Taking a page from a European protest movement that began in France, Rep. Jim Walsh, R-Aberdeen, donned a yellow safety vest on the floor of the House for Gov. Jay Inslee’s State of the State Address Tuesday as a way of illustrating his concern about the governor’s proposed carbon tax.
“It was a slightly humorous, but also meaningful, statement in reference to some of the protests going on in France,” he said. “The yellow vest has a couple of meanings over there, the most recent iteration as a symbol of the objection on the part of a number of French citizens to the high cost of their version of what we would call a carbon tax.”
While the issues that have spawned sometimes violent protests in Europe are “not really apples to apples,” Walsh said, what the French are protesting is in broad strokes similar to taxes proposed by Gov. Inslee.
“The French have always had somewhat high gas and carbon taxes and the people are getting sick of it,” said Walsh.
The French protests started out “kind of mild,” said Walsh, but have heated up to include “some water cannon type stuff.” He said he drew a connection to the French protests and what he’s hearing from constituents about the governor’s carbon tax proposal.
“I think there is somewhat of a spiritual connection, or at least a broad connection, between what the protesters there are doing and what some of us are saying about (the Governor’s) carbon tax,” said Walsh. He said the voters didn’t approve a carbon tax through initiative, attempts through the Legislature have failed, “but (Inslee) doesn’t listen.”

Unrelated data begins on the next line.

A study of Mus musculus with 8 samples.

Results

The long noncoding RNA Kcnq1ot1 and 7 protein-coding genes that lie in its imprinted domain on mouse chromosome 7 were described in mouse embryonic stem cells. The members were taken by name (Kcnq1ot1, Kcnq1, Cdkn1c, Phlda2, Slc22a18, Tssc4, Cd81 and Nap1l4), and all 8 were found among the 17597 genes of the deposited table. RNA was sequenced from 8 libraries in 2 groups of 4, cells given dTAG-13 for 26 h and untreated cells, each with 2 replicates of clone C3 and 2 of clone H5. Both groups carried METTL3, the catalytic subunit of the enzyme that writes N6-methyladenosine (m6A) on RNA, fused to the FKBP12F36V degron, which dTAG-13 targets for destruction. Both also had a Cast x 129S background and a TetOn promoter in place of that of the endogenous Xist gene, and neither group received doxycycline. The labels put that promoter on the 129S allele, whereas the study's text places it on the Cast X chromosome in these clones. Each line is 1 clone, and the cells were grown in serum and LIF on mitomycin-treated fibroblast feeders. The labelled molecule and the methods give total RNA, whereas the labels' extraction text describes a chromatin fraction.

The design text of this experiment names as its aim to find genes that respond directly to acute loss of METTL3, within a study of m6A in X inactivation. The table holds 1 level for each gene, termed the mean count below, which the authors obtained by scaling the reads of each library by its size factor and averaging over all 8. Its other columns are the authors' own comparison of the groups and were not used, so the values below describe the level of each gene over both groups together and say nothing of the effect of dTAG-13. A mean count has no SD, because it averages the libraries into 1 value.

When Walsh put on the safety vest before the governor’s address it quickly caught the attention of Democrats, described by Walsh as “the other side, and some of them knew exactly what I was going for,” he said. “I was approached by the clerk of the House, Bernard Dean, who acts in many ways as the Speaker of the House’s (Rep. Frank Chopp, D-Seattle) kind of details guy and he asked my leader (House Minority Leader J.T. Wilcox, R-Yelm) to ask me to take the vest off.”
When asked why the vest needed to removed, “they went back and chewed on it for a minute, then said it was because it was a prop.” There is a longstanding rule that props are not permitted on the floor. “So we kind of countered and said we didn’t think it was a prop, it was a piece of clothing, and members have been given some latitude to wear clothing to express an opinion.”
Walsh said that did not set well with House leadership, so he agreed to remove the vest.
“I didn’t want to make a big problem right before the speech,” said Walsh. “(The governor) saw it and I think the message was delivered.”